A couple of years ago, I arranged to purchase an eight-week old beagle for my wife’s birthday. She named him Wally. Actually, she named him Wally about four decades ago when she first dreamed of having a beagle named Wally. Once Wally got his land legs, I soon found him doing the thing all dogs do. For no apparent reason, he would chase his tail. Everyone in the family thought it was so cute. Incredibly naïve, but cute.
Believe it or not, people who study these things call it “dog compulsive behavior.” This is similar to the human “obsessive compulsive behavior.” If we’re to believe a recent study, one of the primary examples of obsessive compulsive behavior in humans is their uncanny ability to consistently chase investment performance (see, “Why 401k Investors Chase Performance – and How to Prevent It,” FiduciaryNews.com, March 5).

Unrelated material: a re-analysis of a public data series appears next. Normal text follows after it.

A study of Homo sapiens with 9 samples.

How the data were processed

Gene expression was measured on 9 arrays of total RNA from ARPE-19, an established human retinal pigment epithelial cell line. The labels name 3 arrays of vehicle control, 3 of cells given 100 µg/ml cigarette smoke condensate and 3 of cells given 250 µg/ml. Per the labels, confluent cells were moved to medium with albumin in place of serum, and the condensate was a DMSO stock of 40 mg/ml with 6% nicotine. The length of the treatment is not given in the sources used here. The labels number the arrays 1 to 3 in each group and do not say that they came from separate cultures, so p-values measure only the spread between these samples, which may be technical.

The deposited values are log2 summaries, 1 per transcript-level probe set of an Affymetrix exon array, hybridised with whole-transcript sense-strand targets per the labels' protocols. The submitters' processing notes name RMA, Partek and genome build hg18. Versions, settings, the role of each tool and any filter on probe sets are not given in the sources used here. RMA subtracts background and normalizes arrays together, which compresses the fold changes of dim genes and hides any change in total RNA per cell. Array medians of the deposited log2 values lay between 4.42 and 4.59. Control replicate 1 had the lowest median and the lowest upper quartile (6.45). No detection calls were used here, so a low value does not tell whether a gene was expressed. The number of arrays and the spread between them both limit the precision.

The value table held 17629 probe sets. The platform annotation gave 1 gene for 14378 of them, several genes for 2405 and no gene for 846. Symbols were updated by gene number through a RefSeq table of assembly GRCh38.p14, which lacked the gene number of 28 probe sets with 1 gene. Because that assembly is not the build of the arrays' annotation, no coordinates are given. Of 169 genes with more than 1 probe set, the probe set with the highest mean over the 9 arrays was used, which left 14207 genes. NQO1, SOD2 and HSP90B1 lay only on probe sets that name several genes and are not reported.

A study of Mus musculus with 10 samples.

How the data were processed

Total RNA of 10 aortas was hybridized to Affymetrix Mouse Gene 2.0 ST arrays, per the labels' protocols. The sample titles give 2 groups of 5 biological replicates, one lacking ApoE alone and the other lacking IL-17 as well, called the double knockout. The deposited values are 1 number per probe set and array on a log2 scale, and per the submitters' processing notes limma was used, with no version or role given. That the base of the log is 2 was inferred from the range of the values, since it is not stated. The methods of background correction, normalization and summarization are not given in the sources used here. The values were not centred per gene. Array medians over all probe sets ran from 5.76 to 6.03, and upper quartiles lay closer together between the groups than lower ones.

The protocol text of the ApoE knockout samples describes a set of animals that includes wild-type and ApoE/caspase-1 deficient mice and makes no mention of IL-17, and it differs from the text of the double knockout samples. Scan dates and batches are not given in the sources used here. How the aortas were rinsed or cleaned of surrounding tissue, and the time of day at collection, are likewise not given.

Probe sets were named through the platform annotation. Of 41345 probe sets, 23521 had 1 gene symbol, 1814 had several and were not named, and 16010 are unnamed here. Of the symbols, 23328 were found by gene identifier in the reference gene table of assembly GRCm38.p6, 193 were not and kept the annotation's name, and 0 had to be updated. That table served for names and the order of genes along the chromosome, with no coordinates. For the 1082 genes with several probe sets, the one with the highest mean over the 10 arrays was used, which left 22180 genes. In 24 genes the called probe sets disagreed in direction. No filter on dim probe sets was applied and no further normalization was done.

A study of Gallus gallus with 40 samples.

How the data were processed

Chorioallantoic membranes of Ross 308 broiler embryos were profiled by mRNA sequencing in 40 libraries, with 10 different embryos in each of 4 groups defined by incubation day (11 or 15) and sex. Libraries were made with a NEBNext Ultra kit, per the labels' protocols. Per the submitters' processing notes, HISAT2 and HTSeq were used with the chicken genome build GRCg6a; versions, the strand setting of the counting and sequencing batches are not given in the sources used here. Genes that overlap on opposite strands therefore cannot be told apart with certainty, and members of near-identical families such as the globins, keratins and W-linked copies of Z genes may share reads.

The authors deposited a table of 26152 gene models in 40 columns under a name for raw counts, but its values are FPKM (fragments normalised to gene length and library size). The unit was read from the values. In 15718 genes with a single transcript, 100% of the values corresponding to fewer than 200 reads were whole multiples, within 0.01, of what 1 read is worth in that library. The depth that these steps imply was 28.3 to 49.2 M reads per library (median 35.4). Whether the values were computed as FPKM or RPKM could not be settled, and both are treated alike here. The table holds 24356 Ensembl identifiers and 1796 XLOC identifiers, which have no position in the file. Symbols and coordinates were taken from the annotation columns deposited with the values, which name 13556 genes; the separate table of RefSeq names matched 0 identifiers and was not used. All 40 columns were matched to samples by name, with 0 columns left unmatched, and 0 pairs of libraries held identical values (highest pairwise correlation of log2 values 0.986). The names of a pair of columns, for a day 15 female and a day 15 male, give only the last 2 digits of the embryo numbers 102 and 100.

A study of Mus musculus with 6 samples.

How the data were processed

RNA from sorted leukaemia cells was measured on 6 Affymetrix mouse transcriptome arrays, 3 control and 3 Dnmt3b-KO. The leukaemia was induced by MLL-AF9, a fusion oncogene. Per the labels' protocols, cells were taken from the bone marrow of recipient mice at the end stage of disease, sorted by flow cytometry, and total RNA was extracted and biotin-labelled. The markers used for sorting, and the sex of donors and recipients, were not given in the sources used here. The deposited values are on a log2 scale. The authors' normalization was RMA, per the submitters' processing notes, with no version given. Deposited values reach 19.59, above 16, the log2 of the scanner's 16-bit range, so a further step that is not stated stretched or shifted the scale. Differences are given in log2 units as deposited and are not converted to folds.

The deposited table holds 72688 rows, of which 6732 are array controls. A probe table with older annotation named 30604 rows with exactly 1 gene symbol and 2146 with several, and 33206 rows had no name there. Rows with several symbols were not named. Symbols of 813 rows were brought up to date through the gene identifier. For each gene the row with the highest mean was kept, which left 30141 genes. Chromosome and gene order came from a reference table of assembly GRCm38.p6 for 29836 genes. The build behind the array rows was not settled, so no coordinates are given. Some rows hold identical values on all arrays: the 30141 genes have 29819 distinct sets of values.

We can attribute this unhelpful behavior to a couple of reasons. First, quite simply, there’s greed. Despite all the plaintive warnings required by the SEC, too many investors — including ERISA plan sponsors — genuinely believe past performance guarantees future performance. How else do you explain all those sophisticates taken in by Madoff?
Besides greed, though, is a common behavioral sin. This one’s called “recency.” It’s a bias that pervades our culture. It’s why many people think Joe Montana is a better quarterback than Otto Graham. It’s why the average teenager goes gaga over Justin Timberlake but offers only a blank stare at the mention of Frank Sinatra. It’s why today’s politicians get their names on buildings formerly named after founding fathers. All of us place a greater value at things we’ve experienced recently. This generates a recency bias. And this, in turn, often leads to bad decisions.